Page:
Feel like you are coming close to mastering CSS? If so, what is your next big step?
Planning your next move and thinking ahead is an important part of advancing in your career. As we all know, time is money and we should all be focusing on how to spend our time in the most efficient and productive manner.
What Some of the Leading Web Gurus Had to Say…
The question “what should I learn next?” should be answered by the person asking it.
Every skill on the web is useful. Every skill on the web is worth learning if you have the time. In all likelihood you probably have a project you’d like to be working on, or an idea you would love to create. What is it going to take to make it the best it can be? Learn that.
On the other hand, there’s also the news of the web moving forward with the upcoming releases of CSS3 and HTML5, both of which bring new features to the table. Now is a great time to learn these new features to stay up to date with your skill level and stay on top of the industry, making for a highly employable skillset.
I’ve long suggested great user experiences are built on three things:
interaction, graphic design, and communication. CSS is about the representation of an experience using markup as the tool, namely facilitating interaction and bringing graphic design to life within a browser.
If one feels he/she has mastered that tool, I would suggest he/she focus on developing skills that allow for meaningful communication to take place within the user experience — visual and verbal communication between the user and the interface, and between the user and the organization providing that experience.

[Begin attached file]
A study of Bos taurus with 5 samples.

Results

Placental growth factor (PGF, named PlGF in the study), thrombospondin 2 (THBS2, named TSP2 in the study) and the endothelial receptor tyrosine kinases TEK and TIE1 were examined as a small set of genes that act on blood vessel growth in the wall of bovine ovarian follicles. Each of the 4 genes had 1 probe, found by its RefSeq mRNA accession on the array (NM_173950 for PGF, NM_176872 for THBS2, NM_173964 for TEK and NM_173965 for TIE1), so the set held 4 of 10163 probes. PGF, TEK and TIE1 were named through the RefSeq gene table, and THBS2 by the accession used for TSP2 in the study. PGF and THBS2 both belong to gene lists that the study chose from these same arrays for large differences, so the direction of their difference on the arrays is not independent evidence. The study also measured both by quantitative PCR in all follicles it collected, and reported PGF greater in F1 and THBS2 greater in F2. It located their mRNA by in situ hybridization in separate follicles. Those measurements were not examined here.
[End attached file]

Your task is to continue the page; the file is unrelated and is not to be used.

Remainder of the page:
The next step to fully “grokking’ CSS is to focus on writing code that works across all browsers.As you get into more complicated designs, you’ll quickly realize that it’s often difficult to write CSS that’s supported across most browsers. This is the fundamental difference between new CSS authors and more experienced ones: the knowledge of what works and what doesn’t. Let me tell you now, I’ve spent countless hours debugging CSS when I first got started – but don’t worry, it gets much easier with experience. The only real way to learn is to experiment and explore – so don’t give up right away.